If cultural policy is defined as a system of arrangements which, whatever its other purposes, supports artistic production, then the artist has some reason for interest in it as an indicator of where support lies. Evan Alderson
What is Cultural Policy? What Does it Mean to NPN? How does NPN Engage?
by MK Wegmann, CEO & President, NPN/VAN
In 2004 the National Performance Network published a white paper by Roberto Bedoya, U.S. Cultural Policy: Its Politics of Participation, Its Creative Potential. He cites the above quote, and then opens his paper with a further explication of the importance of organizations such as NPN as active voices in the cultural policy arena:
Embracing Evan Alderson’s definition of cultural policy as a “system of arrangements,” I aim to shed light on who is participating in the discourse. I ask whether there are exclusionary practices within the field of cultural policy, and conclude that there is in fact a significant sector of the non-profit arts community—specifically artist-centered and ethnic specific arts service organizations—that has been marginalized or absent in cultural policy discussions.
The point of view that NPN/VAN can be a voice for a sector of the non-profit arts community often not represented or included in national cultural policy arenas has been a long-standing motivation for NPN. From the beginning of NPN’s “reinvention” as an independent organization in 1999, we – board, staff and NPN/VAN Partners – have identified cultural policy as a formal program area; in our last strategic plan (FY14-FY16) we further structured it as a department.
NPN’s vision and values statements are the basic points of reference for the positions we take. With that in mind, these are some of the strategies that shape our actions:
- NPN works in Partnership: we maintain close alliances and form different partnerships where we find mutual interests in goals and outcomes, including jointly fundraising for projects. Some examples include the Network of Ensemble Theaters, National Association of Latino Arts and Culture, Alternate ROOTS, South Arts and Fractured Atlas.
- We focus strongly on issues of cultural equity, racial equity and inclusion.
- We identify reciprocity as a way of working toward cultural equity.
- We identify as an artist-centered, or artist-focused, organization and try to promote the issues faced by artists in the current arts climate. We promote our program structures as striving to maintain this.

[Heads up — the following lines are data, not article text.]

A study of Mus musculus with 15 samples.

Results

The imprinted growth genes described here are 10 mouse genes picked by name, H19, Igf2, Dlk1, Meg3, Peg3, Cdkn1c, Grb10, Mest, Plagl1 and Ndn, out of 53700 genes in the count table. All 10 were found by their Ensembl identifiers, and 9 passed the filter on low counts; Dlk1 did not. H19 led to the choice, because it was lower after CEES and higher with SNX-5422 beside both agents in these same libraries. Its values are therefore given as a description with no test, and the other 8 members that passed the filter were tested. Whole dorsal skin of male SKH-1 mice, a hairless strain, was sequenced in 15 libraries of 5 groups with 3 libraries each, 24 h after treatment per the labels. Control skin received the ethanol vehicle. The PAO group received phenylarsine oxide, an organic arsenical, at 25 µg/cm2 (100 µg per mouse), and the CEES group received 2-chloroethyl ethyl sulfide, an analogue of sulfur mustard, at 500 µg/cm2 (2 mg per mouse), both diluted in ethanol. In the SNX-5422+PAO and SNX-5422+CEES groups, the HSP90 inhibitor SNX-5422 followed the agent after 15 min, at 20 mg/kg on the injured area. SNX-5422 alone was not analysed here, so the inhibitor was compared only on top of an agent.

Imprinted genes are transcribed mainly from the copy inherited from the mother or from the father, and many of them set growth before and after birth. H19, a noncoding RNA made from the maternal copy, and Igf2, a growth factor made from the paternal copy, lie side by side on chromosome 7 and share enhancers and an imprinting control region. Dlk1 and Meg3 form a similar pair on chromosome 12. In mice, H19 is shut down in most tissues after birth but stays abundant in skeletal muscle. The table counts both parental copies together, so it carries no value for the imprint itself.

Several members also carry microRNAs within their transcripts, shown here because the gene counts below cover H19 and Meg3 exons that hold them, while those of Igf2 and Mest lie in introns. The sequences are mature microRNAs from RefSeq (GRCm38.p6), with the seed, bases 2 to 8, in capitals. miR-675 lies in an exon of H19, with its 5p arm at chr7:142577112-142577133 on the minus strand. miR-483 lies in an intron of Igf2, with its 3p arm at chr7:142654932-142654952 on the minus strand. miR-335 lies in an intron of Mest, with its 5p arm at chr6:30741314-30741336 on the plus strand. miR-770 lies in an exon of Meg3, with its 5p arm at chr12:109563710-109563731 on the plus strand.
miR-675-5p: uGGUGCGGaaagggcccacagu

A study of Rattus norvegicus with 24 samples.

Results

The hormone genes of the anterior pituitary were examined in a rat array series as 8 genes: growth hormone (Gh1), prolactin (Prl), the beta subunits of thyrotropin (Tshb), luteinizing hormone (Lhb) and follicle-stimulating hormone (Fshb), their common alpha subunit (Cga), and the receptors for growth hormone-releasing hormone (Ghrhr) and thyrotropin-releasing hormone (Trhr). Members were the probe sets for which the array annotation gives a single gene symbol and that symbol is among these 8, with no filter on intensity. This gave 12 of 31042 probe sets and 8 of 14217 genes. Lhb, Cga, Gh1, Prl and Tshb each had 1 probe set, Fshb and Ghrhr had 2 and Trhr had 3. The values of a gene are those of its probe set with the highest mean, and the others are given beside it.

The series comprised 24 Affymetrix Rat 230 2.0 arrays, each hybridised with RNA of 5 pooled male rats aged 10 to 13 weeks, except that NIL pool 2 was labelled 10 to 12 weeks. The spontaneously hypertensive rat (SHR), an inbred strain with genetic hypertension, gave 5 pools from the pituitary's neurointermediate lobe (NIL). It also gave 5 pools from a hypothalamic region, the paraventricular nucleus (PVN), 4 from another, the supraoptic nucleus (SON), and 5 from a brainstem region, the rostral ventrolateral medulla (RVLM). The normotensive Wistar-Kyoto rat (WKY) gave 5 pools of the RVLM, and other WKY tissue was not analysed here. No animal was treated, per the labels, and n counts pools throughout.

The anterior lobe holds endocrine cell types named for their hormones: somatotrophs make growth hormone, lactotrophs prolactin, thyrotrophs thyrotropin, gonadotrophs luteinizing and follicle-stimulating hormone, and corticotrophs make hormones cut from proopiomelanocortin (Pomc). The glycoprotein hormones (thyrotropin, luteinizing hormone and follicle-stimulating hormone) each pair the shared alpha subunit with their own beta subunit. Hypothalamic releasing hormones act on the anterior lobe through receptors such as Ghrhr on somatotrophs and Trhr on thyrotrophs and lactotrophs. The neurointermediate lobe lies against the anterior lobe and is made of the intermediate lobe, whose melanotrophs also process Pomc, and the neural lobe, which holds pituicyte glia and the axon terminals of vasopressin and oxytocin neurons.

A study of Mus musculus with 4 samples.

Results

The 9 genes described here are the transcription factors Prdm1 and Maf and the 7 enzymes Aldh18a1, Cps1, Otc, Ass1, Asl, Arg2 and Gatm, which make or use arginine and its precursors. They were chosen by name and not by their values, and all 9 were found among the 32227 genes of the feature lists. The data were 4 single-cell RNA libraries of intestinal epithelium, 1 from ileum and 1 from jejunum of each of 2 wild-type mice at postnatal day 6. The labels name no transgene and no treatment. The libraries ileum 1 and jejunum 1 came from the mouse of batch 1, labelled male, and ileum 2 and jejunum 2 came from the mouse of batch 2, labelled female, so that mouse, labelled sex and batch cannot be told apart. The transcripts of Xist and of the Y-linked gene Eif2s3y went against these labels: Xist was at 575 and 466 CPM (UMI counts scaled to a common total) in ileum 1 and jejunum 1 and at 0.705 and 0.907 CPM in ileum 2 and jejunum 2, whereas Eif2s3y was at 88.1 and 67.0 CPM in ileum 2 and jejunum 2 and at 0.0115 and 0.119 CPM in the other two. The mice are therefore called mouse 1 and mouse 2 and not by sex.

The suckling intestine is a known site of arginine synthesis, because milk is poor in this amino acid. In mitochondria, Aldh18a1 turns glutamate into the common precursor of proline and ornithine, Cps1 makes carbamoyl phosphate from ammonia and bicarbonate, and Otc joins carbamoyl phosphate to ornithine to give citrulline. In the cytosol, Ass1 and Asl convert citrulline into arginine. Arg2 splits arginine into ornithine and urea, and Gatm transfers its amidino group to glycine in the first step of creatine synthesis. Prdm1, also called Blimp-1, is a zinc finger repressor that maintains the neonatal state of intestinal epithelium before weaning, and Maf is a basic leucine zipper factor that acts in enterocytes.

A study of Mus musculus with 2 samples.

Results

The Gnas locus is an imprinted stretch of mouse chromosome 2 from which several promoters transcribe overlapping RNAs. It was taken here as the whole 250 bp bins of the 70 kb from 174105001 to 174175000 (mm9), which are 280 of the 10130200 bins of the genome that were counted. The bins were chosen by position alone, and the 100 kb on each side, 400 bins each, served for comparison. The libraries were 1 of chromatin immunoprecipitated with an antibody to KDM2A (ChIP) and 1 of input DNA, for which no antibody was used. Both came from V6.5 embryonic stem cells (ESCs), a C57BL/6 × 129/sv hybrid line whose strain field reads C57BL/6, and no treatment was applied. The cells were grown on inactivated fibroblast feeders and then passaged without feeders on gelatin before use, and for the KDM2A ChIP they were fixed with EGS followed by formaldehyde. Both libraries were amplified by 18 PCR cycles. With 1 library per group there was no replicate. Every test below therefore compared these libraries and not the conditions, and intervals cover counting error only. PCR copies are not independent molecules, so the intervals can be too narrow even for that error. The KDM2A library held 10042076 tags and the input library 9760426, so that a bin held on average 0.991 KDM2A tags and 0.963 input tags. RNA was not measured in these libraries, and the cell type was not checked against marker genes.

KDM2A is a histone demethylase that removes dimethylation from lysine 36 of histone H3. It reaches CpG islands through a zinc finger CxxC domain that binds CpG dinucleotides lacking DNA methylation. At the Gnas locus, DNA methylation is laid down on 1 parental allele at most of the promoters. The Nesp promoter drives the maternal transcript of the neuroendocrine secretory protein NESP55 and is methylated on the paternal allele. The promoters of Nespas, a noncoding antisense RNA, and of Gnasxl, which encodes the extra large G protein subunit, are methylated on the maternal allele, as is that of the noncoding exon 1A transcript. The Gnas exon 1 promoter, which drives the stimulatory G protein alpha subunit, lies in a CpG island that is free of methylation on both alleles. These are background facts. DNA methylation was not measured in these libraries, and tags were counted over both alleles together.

- We periodically survey the organizations and artists we support and maintain and publish data.
Accepting the construct of “systems of arrangement” — the rules that determine who has access to resources and who those resources benefit — means that we have to be vigilant about how we make rules and distribute the resources we have. Functioning as a network is different than functioning as a service organization. NPN/VAN is not a simple pass-through mechanism to re-grant funds. Rather, we have organized ourselves to act with intention and to create an alternative system for working. In our mission statement we say that NPN is a “cultural organizer, working… to provide leadership.” As we continue to build a strong network and organization and extend both the reach and visibility of our activities, our role and influence in policy has an important place.
With this perspective in mind, while cultural policy work often resides in my lap as president and CEO, it is not in the purview of only that position. All NPN staff are part of this effort. After we have been “out there” in the field, we come back and share our experiences with the rest of the staff. By attending conferences and meetings of other organizations, both in our sector and in the larger arts and culture arena, we speak up and represent the ideas on which we base our work. We also serve on boards and panels and freely share our knowledge when asked. We try to build alliances where we find them, whether that is with individuals in institutions that are our close allies or with those who might not share our exact point of view. Thus, we are visible outside of the “choir.” Our active membership in the Performing Arts Alliance is an example. We work to be cooperative, as opposed to competitive, in both our internal structure and how we approach relationships in the field.
A final point to be made about NPN’s cultural policy work is how we are informed about the issues that we promote. While our mission, vision and values are the underlying drivers, we have to be out there, present and in contact with the field we want to represent. We need to hear directly from artists and NPN/VAN Partners what is important for them. This means we have to go where they are. Having the national office in New Orleans does have the drawback that we are isolated from the volume of artistic activity that takes place in the dominant cultural centers in the US — we are not in daily contact with diverse practitioners as is possible in other cities. We have to travel to see certain artists’ work, we have to register and propose topics at the conferences of other organizations, we have to visit NPN/VAN Partner sites to see and learn about their communities. We volunteer to serve on committees and task forces. We move NPN/VAN convenings around the country so we can meet artists in many different places. We speak up and speak out.